The city of San Diego is funding a new after-school program that will provide homework help for students in grades K-8 at public libraries, starting in the 2014-15 school year.
The Do Your Homework @ the Library program will create homework help centers, staffed by a learning coordinator and volunteer coaches, at 18 of 36 branches of the San Diego Public Library. The homework helpers will be on hand 14 hours a week, on Mondays through Thursdays and Saturdays. The program will run for 36 weeks during the school year.
The library branches were chosen for the program because they’re located near schools with low standardized test scores, where students might benefit from extra help, Fox News reported.
Students already do their homework at public library branches, Marina Claudio-Perez, the youth and family services program manager at the San Diego Public Library, told me.
“We offer a safe place for kids to go and access to computers and printers,” she said.
San Diego’s libraries also provide free access to online homework assistance from tutoring company Brainfuse Inc.
But the new program makes assistance less of an ad-hoc affair by designating a staff member with the task of coordinating homework help, in addition to having librarians who can locate books and other resources for projects.
“There’s nothing to beat a full-service homework center where you have a live person,” Claudio-Perez said.
“I commend our city officials for recognizing the importance of libraries and the positive impacts they have on the success of students, families, and neighborhoods,” Superintendent Cindy Marten said in an email. “Strong reading skills form the basis for successful learning in all subjects. Libraries can serve as the centers for building, advancing, and nurturing the skills that effect an individual’s learning from early childhood through adulthood.”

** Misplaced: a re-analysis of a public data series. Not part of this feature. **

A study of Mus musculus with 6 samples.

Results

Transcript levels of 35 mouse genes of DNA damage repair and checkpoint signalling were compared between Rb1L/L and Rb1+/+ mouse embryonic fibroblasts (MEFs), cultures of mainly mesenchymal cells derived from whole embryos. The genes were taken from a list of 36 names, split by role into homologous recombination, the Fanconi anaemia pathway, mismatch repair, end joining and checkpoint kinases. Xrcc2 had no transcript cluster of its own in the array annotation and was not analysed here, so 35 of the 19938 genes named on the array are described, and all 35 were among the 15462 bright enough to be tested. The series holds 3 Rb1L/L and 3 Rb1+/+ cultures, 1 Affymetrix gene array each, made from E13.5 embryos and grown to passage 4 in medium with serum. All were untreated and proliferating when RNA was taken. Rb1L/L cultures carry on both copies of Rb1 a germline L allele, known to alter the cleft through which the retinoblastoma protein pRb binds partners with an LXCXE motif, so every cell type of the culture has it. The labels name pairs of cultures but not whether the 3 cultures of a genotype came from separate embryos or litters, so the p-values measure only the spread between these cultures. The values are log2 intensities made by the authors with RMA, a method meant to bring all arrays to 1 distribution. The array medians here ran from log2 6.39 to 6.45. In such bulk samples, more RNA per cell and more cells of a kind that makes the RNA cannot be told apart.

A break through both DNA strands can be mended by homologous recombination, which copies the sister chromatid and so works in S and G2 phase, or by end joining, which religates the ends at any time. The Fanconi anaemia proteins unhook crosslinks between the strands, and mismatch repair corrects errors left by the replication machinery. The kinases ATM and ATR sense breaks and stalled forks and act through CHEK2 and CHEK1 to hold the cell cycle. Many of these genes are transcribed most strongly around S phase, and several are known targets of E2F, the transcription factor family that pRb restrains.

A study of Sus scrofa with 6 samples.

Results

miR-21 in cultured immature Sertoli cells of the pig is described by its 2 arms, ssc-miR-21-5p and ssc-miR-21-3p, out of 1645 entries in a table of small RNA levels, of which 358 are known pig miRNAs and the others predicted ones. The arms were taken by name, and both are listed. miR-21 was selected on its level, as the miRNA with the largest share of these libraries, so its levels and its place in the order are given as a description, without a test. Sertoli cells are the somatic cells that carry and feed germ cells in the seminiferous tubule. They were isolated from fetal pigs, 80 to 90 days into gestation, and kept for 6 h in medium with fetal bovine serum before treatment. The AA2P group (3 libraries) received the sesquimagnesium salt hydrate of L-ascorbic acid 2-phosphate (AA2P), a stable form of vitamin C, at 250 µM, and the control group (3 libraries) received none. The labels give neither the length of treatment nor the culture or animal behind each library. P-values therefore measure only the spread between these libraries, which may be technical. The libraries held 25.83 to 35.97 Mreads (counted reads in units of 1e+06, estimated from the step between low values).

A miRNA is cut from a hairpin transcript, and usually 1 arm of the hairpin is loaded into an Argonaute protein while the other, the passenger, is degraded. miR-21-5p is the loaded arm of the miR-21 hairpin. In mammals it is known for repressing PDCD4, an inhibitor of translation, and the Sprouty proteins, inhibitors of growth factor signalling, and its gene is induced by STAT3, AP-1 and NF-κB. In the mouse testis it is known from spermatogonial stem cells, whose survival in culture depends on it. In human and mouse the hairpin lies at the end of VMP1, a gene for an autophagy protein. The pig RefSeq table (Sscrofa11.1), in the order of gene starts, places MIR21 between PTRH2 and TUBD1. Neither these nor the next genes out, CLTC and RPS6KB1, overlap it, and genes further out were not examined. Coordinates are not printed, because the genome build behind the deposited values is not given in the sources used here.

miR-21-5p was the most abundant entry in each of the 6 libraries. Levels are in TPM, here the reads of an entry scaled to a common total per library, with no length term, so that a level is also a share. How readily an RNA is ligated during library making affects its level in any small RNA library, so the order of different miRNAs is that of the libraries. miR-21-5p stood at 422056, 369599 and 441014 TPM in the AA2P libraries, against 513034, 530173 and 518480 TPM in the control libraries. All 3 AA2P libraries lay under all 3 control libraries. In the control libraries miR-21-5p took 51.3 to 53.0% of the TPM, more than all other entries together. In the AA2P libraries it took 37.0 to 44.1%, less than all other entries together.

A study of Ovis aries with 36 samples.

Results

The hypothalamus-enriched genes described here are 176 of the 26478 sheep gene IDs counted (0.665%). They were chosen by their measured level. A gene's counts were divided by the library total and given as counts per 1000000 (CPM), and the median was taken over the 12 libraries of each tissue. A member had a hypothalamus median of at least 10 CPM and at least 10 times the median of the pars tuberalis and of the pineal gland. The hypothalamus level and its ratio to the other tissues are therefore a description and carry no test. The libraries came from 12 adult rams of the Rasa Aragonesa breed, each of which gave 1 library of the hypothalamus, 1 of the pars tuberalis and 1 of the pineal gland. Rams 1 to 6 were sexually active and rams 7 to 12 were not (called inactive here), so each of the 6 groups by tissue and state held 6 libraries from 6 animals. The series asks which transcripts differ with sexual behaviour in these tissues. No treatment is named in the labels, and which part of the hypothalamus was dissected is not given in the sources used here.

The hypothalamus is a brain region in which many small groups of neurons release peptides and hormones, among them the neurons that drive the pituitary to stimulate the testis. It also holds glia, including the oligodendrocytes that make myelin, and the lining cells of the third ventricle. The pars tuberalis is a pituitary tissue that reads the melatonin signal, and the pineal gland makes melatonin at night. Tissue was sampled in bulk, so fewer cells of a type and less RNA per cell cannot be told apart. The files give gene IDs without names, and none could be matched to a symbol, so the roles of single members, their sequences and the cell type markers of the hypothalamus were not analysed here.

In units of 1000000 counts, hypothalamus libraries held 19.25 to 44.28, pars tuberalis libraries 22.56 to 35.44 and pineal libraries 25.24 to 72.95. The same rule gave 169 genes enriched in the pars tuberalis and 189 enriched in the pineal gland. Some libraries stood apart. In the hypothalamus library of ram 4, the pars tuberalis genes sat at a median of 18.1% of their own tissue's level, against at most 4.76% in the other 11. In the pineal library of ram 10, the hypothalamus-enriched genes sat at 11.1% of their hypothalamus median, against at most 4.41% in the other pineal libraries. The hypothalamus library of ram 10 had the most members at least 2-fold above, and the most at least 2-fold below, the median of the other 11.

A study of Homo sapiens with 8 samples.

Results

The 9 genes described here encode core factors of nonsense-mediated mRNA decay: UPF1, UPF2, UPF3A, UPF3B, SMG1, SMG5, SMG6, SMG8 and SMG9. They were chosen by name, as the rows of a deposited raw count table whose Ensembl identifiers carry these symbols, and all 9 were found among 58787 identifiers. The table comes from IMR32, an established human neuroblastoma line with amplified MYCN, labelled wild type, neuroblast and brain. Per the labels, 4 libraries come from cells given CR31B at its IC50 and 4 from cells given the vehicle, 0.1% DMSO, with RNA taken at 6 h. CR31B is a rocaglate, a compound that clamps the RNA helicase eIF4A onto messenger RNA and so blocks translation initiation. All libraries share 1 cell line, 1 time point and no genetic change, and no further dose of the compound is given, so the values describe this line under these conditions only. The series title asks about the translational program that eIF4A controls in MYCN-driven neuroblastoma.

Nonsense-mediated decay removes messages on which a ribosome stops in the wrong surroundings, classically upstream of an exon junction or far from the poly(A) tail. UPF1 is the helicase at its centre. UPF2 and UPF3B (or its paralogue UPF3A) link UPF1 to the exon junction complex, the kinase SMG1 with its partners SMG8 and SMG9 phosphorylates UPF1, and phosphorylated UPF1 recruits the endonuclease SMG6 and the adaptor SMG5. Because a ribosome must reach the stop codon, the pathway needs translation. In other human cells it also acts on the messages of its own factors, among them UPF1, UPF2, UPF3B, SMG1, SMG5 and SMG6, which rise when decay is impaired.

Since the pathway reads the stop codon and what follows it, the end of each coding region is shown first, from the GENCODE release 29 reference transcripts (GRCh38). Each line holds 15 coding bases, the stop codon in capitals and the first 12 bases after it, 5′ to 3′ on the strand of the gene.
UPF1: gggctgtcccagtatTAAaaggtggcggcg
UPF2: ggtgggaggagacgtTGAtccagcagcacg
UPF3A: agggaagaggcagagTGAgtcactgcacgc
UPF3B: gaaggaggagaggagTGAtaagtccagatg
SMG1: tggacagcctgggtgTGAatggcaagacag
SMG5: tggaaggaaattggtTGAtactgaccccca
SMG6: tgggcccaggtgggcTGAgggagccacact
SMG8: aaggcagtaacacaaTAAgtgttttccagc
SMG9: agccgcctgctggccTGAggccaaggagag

The San Diego Unified School District has also allocated funds in its 2014-15 to increase library hours on elementary school campuses, she added.
Public libraries serve as critical learning spaces for urban students in many cities. The following video piece, recently published by New York magazine, explores how New York City’s public libraries have evolved into de facto community centers, including providing activities for children and places for students to study after school.
A version of this news article first appeared in the Time and Learning blog.